I enjoy going on the road: discovering offbeat restaurants, meeting new people, eating, seeing new places, finding great food.
Did I mention I like to travel for food? It’s true.
But I hate getting ready for a trip. I look at it as a chore, an unpaid job and a source of extreme stress.
I like the planning portion of a trip. I want to do the research: look up routes and maps, admission prices and history. I print and punch holes and place everything in a loose-leaf binder, tagged and sorted by date, city and activity type. Yes, I know I could do this on a Blackberry, an iPhone or other digital planner, and have a Siri-like reminder tell me what’s next each minute of each day of my trip. Oh, and I could use my iPad to take notes on the trip. I hate to break it to you, but I still use paper notebooks. At least I’ve moved into the twentieth century and switched to a digital camera, so give me a little tech credit.
My distaste for the travel procedure centers around packing. I hate to do it. I can never decide what to take, what to leave behind, and when I do make my choices, how to make them fit without making the bag look less like an overstuffed turkey and more like the suitcase of a seasoned, sensible traveler.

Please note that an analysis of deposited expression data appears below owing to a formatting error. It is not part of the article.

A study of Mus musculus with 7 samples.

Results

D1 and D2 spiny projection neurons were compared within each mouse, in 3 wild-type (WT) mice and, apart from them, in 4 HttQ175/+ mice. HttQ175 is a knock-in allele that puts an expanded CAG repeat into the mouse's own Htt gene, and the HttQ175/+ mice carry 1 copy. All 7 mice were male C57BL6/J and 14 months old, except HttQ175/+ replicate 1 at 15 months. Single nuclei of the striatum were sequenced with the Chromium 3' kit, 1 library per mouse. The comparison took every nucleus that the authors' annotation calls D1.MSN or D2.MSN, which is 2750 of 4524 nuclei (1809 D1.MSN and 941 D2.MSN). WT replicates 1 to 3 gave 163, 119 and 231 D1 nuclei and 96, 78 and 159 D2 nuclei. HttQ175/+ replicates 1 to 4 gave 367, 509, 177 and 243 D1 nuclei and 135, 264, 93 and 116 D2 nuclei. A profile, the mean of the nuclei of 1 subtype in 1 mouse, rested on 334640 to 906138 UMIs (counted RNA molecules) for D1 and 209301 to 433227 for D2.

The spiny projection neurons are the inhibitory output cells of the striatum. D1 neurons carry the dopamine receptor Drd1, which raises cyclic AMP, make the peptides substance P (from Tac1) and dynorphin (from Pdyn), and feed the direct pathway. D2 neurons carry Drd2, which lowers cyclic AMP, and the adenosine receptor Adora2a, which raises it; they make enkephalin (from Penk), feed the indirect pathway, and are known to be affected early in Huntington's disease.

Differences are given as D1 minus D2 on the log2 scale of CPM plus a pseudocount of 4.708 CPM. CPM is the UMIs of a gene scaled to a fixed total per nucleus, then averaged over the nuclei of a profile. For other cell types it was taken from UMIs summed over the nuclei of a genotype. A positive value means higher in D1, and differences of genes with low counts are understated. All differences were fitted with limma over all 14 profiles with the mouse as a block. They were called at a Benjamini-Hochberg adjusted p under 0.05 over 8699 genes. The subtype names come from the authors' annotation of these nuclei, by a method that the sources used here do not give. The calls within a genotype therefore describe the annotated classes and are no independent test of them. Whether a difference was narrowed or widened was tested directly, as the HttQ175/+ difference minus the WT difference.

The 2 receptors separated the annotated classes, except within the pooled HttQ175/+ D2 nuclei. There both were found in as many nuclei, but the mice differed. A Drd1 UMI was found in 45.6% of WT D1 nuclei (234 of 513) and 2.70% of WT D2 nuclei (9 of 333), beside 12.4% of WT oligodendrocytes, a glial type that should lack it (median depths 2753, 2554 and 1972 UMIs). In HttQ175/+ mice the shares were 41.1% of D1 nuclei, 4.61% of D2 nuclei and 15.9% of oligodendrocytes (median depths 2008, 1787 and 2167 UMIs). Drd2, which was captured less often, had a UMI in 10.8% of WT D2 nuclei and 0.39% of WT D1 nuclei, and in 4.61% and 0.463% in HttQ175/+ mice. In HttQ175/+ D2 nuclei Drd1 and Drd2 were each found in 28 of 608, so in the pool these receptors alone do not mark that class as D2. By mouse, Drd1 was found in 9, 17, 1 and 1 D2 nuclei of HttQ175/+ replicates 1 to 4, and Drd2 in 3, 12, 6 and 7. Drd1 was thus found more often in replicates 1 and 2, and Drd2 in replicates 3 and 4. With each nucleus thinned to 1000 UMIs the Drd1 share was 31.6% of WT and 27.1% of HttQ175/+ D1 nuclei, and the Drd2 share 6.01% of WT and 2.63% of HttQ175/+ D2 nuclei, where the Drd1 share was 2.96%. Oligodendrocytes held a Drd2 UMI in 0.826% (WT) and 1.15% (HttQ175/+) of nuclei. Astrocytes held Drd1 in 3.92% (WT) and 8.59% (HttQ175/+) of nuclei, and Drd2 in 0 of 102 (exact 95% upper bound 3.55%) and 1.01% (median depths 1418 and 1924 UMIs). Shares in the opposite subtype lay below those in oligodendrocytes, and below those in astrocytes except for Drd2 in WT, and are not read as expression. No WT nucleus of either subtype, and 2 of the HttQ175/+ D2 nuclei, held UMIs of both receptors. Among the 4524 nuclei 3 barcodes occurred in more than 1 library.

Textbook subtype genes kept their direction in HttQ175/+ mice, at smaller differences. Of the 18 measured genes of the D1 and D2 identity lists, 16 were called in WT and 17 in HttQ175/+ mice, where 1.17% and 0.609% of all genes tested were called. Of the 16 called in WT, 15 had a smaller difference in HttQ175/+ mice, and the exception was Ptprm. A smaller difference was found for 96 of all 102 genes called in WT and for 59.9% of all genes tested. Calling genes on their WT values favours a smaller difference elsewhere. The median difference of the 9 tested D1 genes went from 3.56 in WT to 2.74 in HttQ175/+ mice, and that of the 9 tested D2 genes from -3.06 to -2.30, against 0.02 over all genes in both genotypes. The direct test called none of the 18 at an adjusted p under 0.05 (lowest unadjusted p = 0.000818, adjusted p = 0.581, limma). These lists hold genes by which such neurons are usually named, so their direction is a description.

Maybe the problem is that I begin to pack too early, like two weeks before the trip. I give myself too much time to plan and think and ruminate about what I want to take, when I should consider only what I really need. I pack for every possible bad scenario, instead of realizing that if the worst case scenario happens, I will still be close enough to civilization to buy what I need.
I have no idea how people visit third-world countries for a month with only a backpack and duffel bag, much less consider sharing a single suitcase with their spouse. I’ll be doing the latter with mine, and I’ll let you know how that turns out – assuming we survive being in the same car for a week.